Clear and windy right now this early Saturday on California’s north coast — we’re in the midst of hostile weather with high winds, gusts up to 45, and supposedly some heavy rain, maybe a bit of hail tossed into the mix.
According to the Lost Coast Outpost last evening, the environment will be fit for perhaps a tornado, ‘weather permitting‘ — hope not, I grew in tornado country, and they’re not funny. All this shit is expected to last through tonight and on-into tomorrow — sunshine by Monday, perchance.
A howling wind, an apt description of not only outside my apartment, but apparently for a wailing, doleful dead giveaway of modern life in modern America.
In my post yesterday, I touched upon a certain sense of a prevailing madness seemingly illustrated by murder-suicides and hatchet-attacks, but apparently finished my thingy too early — two horrible cases-in-point exploded in the afternoon.
(Illustration: Salvador Dali, ‘Alice’s Evidence,’ found here).
A Friday news dump of the worse kind.
First was report of another school shooting, this one at a high school near Seattle, a 14-year-old kid shoots dead a girl, wounds a couple more kids, and then kills himself; and the second was an “incredibly dangerous” escapade near Sacramento, in which this guy and his girl friend went on a rumble-for-two, killing two county cops in the process, critically wounding a couple more people before being cornered and arrested.
Should be expected, I guess — mass shootings are increasing in the US, according to a report released on Wednesday.
The FBI’s study on “active shooter incidents” documented 160 cases between 2000 and 2013, and the bulk of them occurred during the latter half of the period: About 16 shootings took place annually over the past seven years, compared to 6.4 annually over the previous seven.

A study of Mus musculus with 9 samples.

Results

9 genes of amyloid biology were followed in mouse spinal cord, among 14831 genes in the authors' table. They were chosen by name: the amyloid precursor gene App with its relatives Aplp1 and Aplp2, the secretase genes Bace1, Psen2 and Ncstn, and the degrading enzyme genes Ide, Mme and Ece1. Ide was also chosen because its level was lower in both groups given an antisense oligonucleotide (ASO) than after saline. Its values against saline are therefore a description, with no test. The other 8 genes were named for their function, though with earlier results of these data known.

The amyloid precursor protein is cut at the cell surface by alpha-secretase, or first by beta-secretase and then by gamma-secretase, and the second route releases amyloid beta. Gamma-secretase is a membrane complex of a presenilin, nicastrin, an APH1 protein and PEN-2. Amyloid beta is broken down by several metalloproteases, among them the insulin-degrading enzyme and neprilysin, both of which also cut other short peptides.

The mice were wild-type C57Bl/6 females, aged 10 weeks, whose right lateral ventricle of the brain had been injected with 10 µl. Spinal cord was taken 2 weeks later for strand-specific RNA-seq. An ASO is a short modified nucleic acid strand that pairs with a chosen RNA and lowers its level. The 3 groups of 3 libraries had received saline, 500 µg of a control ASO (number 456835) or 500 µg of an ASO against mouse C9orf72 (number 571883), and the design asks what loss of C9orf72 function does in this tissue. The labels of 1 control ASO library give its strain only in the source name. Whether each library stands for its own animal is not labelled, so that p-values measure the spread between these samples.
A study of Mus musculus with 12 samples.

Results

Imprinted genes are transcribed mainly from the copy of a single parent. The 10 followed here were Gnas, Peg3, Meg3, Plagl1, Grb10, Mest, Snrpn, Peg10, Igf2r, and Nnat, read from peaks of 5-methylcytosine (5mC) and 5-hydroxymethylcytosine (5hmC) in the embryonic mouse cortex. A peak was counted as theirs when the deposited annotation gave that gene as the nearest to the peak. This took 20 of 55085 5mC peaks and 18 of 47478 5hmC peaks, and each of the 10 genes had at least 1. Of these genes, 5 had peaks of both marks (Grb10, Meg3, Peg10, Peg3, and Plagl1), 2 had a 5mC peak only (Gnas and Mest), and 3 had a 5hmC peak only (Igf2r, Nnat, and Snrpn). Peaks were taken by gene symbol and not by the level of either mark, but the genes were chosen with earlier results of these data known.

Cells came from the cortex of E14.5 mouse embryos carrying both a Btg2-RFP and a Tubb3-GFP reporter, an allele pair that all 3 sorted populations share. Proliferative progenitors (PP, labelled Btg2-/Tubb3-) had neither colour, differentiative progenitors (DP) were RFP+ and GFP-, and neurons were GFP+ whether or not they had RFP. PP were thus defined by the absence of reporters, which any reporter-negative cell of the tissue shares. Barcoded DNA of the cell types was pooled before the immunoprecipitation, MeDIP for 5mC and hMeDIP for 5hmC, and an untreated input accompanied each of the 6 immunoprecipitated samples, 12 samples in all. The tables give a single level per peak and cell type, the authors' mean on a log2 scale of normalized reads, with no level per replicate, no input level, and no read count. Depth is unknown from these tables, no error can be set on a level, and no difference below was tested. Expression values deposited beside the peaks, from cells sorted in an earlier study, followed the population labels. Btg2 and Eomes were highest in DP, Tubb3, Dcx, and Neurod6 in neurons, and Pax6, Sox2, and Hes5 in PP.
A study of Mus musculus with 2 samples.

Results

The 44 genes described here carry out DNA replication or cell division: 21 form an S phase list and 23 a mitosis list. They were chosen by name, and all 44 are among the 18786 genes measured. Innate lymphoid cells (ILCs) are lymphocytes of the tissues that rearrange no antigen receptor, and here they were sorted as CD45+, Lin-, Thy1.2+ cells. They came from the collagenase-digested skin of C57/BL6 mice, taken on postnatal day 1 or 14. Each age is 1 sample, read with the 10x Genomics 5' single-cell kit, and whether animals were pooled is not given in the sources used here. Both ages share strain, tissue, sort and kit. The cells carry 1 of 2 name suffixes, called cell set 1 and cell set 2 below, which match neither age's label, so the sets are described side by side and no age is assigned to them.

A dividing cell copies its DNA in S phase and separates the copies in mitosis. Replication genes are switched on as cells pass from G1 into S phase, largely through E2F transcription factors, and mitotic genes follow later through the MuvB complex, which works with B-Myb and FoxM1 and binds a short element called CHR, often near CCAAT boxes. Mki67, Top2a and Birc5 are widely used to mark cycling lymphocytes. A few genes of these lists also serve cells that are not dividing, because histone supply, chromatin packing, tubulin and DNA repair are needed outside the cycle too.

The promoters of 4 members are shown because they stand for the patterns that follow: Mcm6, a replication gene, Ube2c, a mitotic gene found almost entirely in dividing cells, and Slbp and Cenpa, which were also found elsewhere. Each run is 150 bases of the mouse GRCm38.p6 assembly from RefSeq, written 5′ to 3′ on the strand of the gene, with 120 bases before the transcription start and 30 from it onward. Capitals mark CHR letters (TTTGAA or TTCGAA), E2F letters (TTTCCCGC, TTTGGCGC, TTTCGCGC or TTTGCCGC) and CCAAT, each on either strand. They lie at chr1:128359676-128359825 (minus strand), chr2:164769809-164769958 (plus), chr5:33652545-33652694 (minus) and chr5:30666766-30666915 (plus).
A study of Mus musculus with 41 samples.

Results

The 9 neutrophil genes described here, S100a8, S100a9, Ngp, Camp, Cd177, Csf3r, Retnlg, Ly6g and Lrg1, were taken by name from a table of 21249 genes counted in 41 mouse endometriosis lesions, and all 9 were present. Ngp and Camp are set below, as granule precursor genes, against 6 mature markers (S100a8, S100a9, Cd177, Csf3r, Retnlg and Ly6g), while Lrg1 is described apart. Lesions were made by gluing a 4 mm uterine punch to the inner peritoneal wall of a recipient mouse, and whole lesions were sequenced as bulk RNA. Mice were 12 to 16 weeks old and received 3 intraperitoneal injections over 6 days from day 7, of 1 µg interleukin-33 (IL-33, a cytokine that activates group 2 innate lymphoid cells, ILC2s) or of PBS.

The study found that mass shootings often unfold often quickly.
In cases where the duration of shootings could be determined, nearly 70 percent were over within five minutes.
More than half of the sprees ended at the shooter’s discretion — when he fled or took his own life — while unarmed civilians stepped in and took down gunmen 13 percent of the time.
“Even when law enforcement was present or able to respond within minutes, civilians often had to make life and death decisions, and, therefore, should be engaged in training and discussions on decisions they may face,” the report’s authors wrote.
Guns are the factor. Making these murder-suicides more easily obtained. In a piece on mass shootings at Vox, was this about offing oneself:
Suicide, contrary to popular belief, isn’t typically planned and thought through extensively in advance.
It’s impulsive; one survey found that 90 percent of respondents deliberated for less than a day before attempting suicide.
And 90 percent of people who survive suicide attempts end up dying by other means.
They didn’t make a considered choice and seek to follow through by whatever means; they made an impulsive decision and got lucky.
Ken Baldwin, who survived a jump off the Golden Gate Bridge, once told the New Yorker’s Tad Friend that as he was falling, he “instantly realized that everything in my life that I’d thought was unfixable was totally fixable — except for having just jumped.”
Or pulled the trigger.
And later yesterday afternoon, to seemingly keep the horror news flowing, Kevin Drum, noted-longtime political blogger at Mother Jones, revealed he has multiple myeloma, a cancer of blood plasma cells.
If we could just blast cancer cells, or the Ebola strain with a round from a Glock G30 45 caliber handgun, a lot of this shit would come to an abrupt end.